Understanding the inner workings of ecosystems is key for ecologists and naturalists in order for them to do their jobs. Whether this is to assess the impact of a reintroduced species on an area or to protect a site due to the presence of a local, regional, or national rarities, knowing what you are looking at is highly important.
Of course, all naturalists have varying degree of field identification skills. For example, some will have an aptitude for spotting nesting raptors on high cliff faces, others will be able to identify the trees they are seeing along the banks of a river, and somewhat fewer people will be able to identify the moss that is growing in the crevices of a sea cliff. Some will be able to do all three of these and more, whereas others will be specialist and have a specific taxon that they focus on.
But, what do all these species mean? Why does an Alder Alnus glutinosa grow here? Why is there so much Heather Calluna vulgaris there? Why are there Crested Tits Lophophanes cristatus over there but not over here? Knowing the relationships between some species and their respective habitats can help an ecologist understand the ecology of the area they are in.
Almost every habitat has a particular set of species that allow people to easily classify it. Some of the most obvious and easiest to observe are plants. Woodland habitats are typically made up of mainly one or two tree species. Beech Fagus sylvatica wood, for example, is easy to spot as the dominant species is beech; a tall, smooth-barked, deciduous tree. But look down and you will also see a characteristic bare understory, as the thick foliage above shades out the light, only allowing for some ferns, mosses and rare saprophytic orchids to prevail.
Some habitats are a little less clear cut. Comparing two patches of grassland from a distance can have the mind thinking they are the same, but look closer and it may become clearer that they are not as similar as first thought. Grasslands in the UK can be split into many different types including upland and lowland, acidic and calcareous and rushes and grasses. Knowing even a handful of key species will make grasslands go from one habitat to many different habitats, opening opportunities to find rarities that prefer one habitat over another.
The same rule applies for all habitats. Knowing key species allows the wandering ecologist to divide the landscape up into the parcels of ecologically distinct ground that occur across the country.
Check vital signs…
Just as doctors use symptoms to assess the health of patients, it is possible to look at species present (or not present) in an area in order to assess the condition of the ecosystem. A healthy ecosystem will hold a range of species that fill different niches and have varying abundance.
When walking through agricultural land it can be very clear how healthy the ecosystem is. Species richness is affected greatly by the activities of man, whether for the better or the worse and farmland is a good place to see the evidence for this. If walking through wildlife-friendly farmland you may come across species such as Grey Partridge Perdix perdix or Corn Bunting Emberiza calandra that rear their young on insects found in the fields and thrive on the seeds that are produced from the arable crops later in the season.
However, in farmland that has been stripped of its hedgerows and grassy margins perfect for nesting, and that has been sprayed with pesticides that kill off the vital supply of insects, you are less likely to find such species thriving if existent at all.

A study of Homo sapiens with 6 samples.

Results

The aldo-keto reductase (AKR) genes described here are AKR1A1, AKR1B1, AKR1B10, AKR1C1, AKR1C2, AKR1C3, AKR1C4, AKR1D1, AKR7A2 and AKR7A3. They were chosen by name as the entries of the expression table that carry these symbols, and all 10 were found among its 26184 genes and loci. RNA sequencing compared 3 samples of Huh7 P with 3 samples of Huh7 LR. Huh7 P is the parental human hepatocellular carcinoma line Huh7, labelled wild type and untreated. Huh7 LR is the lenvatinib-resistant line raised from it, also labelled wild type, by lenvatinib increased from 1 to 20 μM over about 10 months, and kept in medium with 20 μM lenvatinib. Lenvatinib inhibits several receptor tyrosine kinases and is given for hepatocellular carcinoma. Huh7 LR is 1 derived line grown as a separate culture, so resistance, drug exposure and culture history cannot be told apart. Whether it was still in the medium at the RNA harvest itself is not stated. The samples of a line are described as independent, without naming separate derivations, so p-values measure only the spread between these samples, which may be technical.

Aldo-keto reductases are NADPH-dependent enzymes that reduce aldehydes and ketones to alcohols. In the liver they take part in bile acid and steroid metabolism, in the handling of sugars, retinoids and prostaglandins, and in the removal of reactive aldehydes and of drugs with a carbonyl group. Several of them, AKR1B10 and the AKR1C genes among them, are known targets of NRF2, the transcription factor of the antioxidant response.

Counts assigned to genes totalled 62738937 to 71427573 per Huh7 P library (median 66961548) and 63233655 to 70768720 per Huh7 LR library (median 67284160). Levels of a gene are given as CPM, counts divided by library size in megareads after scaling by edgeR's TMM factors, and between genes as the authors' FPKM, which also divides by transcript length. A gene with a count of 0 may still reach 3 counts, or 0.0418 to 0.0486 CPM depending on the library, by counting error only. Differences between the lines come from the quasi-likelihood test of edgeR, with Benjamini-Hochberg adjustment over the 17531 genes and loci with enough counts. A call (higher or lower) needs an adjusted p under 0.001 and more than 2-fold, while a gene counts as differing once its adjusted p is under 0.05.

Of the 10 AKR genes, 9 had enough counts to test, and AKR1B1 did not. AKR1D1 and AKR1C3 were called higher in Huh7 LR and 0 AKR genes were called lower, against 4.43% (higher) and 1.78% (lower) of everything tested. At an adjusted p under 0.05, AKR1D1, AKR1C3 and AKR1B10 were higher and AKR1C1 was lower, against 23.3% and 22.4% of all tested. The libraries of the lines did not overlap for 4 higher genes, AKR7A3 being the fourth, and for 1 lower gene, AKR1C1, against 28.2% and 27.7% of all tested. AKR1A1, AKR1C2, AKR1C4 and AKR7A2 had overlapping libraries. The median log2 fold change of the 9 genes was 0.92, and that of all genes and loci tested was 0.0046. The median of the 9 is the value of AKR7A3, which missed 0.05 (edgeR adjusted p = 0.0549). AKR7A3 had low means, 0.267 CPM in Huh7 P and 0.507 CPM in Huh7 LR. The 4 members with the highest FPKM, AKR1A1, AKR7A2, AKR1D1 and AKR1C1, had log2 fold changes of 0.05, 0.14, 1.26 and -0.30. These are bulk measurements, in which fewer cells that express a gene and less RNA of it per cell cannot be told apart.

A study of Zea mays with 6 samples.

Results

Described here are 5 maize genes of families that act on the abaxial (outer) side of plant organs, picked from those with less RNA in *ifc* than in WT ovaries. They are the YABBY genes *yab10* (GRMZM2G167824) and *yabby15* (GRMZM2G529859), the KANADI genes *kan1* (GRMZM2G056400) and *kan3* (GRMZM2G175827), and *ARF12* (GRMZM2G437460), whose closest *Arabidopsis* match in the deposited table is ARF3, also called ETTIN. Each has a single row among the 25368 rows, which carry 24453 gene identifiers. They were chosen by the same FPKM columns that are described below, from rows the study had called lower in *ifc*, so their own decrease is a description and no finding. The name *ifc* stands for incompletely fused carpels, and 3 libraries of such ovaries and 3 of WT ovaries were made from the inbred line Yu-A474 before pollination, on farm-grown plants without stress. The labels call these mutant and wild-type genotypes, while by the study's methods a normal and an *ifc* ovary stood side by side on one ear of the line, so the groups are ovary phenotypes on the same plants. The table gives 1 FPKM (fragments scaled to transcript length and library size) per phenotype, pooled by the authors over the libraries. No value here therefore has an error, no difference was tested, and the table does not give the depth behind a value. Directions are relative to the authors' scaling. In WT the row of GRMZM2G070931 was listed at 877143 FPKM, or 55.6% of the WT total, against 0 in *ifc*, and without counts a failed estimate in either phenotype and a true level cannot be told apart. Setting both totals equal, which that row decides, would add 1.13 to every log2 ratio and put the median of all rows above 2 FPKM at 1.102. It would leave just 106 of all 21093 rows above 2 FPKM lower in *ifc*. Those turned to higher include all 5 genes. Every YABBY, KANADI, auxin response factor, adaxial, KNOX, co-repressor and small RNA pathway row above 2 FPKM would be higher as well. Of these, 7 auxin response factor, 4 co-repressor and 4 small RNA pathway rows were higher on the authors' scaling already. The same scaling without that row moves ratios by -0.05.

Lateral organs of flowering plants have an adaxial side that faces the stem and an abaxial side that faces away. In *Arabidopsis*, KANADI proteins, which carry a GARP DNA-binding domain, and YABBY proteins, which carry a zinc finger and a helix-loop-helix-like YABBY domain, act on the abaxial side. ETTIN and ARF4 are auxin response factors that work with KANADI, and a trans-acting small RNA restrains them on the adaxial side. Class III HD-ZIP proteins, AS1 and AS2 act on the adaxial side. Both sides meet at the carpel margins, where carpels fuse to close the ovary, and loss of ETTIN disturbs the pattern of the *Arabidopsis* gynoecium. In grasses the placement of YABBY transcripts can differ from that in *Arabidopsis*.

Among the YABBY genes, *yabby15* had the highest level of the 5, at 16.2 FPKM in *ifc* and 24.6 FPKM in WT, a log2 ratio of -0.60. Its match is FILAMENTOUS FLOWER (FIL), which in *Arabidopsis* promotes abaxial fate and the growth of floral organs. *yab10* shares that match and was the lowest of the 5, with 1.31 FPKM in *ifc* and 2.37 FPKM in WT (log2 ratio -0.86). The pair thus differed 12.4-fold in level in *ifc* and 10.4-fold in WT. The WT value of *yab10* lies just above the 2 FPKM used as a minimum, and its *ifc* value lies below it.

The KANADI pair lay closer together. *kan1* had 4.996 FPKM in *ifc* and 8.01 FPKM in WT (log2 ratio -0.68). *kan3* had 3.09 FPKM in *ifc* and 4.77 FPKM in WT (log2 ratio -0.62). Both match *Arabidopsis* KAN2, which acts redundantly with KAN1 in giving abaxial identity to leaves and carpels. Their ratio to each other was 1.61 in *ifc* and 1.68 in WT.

Grey partridge Perdix perdix in arable farmland
Following the clues
Certain species act as clues to human presence or human activity. Knowing these species and how they react to disturbance, pollution, etcetera, can give an insight into how people are impacting the landscape on a localised scale. An example would be the presence of Reed Canary-grass Phalaris arundinacea; this species grows well on eutrophicated (nutrient enriched) soils, associated with run-off from intensively farmed areas and so can be a good sign of nutrient enrichment. Of course, it grows naturally in areas such as at Loch Leven, where the soils are naturally eutrophic as a result of being next to a large, naturally eutrophic loch.
Heather Calluna vulgaris is a plant that can be easily seen in woodlands, on heathlands, and areas that are managed specifically for this species are very easy to see. It is possible to read heather like a book in order to find out how grazing pressures have changed: a short carpet means heavy grazing pressure, tall with lots of flowers means lightly or un-grazed, and a topiaried look means the heather was once lightly grazed but has recently become heavily grazed.
What’s in it for you?
A greater appreciation of indicator species, and therefore a better understanding of the landscapes you spend time in, is an asset that employers will likely look for in someone who is applying for a job in the ecology sector. The ability to read habitats and explain why a species grows or lives in one place but not another is well sought after as it demonstrates a sound level of understanding of ecosystems.
On top of this, it can make it a lot easier to find those target species that you’ve always wanted to see! If driving past damp, marshy areas in the north of Scotland you may notice that the habitat is ideal for rare breeding waders such as Wood Sandpiper Tringa glareola, or whilst traipsing over hummocks of heather you may think to check beneath for Lesser Twayblades Listera cordata. It is very rewarding when suspicion turns out to be truth, and when rewarded with something as exciting as breeding wood sandpiper is there any reason not to start learning those indicator species?